Liz Dobbs ponders plastic remains in a garden and calls on garden centres to help their customers be more sustainable.
It seems strange to question garden centres? environmental credentials. After all, what can be greener than selling plants to create gardens? Yet the critics are there, and parts of the horticultural industry are a tad defensive about their green policies ? possibly due to bruising from decades of the ?peat versus peat-free? debate.
Critics are often dismissed with the sneer ?they aren?t even horticulturists?, but do they have a point?
The end result
Granted, if you start at the beginning of the supply chain you could be led to believe that this is just the way it is. Commercial growers and garden centres face major challenges striving to source, grow, deliver and display plants and products, so perhaps there really is no cost-effective alternative to lorry loads of impulse-buy plants in plastic pots with plastic labels and the usual suspect sundry suppliers.
However, when you get to the end of the supply chain, gardening doesn?t seem as green as it could be.
Having recently had to clear an aged relative?s garden, I?ve quite literally seen the end of the chain.
Stacks of plastic plant pots, piles of plant labels, years of empty compost and growing bags, flimsy ? and therefore broken ? plant supports and screening.
Not to mention a polycarbonate greenhouse that had seen better days. Inside the shed there were unrepairable tools and all manner of garden chemicals.
Of course all of this needed to be responsibly disposed of, but surely the answer is to not generate so much plastic waste in the first place, especially when the pots and labels hang around longer than the plants they first came with.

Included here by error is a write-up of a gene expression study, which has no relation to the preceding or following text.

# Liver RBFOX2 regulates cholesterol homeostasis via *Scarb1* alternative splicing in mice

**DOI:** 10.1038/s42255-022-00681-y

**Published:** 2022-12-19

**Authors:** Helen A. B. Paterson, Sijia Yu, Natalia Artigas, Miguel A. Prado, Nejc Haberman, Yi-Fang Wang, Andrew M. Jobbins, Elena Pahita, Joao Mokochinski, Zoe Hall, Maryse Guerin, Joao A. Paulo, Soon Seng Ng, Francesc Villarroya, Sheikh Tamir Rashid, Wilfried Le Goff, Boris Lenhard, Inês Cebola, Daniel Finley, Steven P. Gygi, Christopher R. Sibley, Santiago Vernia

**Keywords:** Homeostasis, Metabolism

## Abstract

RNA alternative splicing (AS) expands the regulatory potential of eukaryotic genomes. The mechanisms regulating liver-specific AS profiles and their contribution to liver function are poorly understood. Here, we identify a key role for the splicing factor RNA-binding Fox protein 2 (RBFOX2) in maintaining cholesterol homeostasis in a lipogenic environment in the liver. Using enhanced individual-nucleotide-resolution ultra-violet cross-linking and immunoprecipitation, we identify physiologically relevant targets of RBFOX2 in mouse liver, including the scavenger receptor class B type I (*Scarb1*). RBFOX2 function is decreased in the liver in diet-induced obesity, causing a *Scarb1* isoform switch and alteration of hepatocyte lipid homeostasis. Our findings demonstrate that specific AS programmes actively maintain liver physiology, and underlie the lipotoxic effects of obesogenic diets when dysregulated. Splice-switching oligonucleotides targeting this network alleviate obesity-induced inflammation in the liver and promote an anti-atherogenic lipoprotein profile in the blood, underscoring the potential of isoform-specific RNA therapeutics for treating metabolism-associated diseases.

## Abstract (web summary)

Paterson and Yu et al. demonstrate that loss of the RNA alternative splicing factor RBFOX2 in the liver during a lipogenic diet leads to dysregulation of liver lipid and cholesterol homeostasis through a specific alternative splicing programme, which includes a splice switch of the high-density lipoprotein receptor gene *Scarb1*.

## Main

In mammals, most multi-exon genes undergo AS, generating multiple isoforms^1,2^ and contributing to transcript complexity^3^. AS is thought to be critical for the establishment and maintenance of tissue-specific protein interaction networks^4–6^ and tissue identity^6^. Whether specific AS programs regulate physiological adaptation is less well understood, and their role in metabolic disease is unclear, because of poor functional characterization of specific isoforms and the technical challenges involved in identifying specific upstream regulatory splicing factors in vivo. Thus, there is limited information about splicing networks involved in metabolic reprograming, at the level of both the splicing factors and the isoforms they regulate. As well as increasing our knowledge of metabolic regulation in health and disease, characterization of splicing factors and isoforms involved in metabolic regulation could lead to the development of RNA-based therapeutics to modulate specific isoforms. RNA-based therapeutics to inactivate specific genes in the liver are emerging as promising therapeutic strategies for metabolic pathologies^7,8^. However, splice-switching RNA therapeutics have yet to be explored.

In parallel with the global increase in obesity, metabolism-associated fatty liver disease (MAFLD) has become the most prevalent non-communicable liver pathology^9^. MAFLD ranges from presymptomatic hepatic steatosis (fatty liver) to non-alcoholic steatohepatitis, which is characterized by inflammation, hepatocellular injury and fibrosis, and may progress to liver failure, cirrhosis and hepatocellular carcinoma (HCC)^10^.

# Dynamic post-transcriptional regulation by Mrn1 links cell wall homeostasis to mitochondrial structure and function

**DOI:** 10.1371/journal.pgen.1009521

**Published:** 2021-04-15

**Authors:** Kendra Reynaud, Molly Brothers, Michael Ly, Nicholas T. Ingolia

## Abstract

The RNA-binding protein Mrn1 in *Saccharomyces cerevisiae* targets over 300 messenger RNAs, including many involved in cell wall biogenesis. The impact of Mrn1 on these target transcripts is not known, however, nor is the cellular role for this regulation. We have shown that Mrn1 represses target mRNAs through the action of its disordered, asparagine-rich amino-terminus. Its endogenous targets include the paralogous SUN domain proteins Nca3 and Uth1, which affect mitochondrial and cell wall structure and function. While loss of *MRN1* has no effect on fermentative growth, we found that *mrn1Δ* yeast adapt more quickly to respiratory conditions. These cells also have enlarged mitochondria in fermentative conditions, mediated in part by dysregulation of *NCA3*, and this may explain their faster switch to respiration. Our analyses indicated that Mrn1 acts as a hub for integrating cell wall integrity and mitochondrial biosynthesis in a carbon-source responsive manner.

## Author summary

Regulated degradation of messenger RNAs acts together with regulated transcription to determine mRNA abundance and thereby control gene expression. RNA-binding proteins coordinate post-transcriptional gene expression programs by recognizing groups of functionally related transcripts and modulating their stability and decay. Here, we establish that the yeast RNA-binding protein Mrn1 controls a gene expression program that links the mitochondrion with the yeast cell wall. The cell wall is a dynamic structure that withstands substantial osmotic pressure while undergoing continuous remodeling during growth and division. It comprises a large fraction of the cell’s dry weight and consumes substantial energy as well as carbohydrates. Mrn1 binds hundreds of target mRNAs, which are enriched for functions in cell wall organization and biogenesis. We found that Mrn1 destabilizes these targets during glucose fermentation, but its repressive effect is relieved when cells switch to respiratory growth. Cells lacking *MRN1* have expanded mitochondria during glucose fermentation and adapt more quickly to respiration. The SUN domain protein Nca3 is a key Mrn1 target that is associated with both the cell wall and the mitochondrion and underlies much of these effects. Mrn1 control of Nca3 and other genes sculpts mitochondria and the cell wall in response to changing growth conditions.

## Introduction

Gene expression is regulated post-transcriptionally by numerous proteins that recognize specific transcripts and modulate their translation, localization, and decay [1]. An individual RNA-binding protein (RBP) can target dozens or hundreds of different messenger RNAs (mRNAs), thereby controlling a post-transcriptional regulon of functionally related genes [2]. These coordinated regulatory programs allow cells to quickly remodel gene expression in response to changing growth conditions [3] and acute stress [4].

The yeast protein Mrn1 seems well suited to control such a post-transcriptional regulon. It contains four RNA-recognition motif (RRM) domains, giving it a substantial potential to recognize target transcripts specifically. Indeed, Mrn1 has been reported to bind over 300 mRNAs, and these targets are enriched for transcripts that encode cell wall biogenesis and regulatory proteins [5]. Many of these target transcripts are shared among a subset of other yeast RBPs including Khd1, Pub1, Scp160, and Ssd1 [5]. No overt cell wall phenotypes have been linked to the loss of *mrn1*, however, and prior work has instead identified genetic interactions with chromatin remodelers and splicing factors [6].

You can always do more
Even otherwise ?green? garden centres don?t seem to get it sometimes. Just before Christmas I noticed lovely plants on sale from The Hairy Pot Plant Company complete with their wooden bar coded labels in wooden trays, so why then add plastic labels?
Your garden centre may have environmental policies about being a sustainable company based around ?Reduce, Reuse, Recycle?. Apart from anything else, the cost savings of such policies makes good business sense. But what about providing your customers with options so they can do likewise?
In recent years, show gardens at RHS Chelsea Flower Show have explored and embraced sustainable gardening themes. There are high profile ?real? gardens too, including the new Heritage Garden championed by Raymond Blanc at Le Manoiraux Quat?Saisons. The garden?s designer, Anne Keenan MSGD, found solutions that were both sustainable, elegant and in keeping with the surroundings.
It has mainstream appeal
Anyone with the budget to engage a professional garden designer could select one just by searching for ?green design? on the Society of Garden Designers website (www.sgd.org.uk). But the vast majority of garden owners will have to wade through the maze of options themselves. And if you?re wondering if your customers are all that bothered by this, all you need do is look to BBC Gardeners? Question Time.
Eighty per cent of the audience recently backed organic methods, so we are talking about mainstream trends. Garden centres are well placed to help gardeners enjoy their gardens in a more sustainable way. Many of you have a family nursery heritage, you are embedded in your communities and can provide local knowledge, personal advice and a wide range of plants and products.
And wouldn?t it be great if clearing someone?s garden simply meant spreading out the contents of the compost heap onto the borders?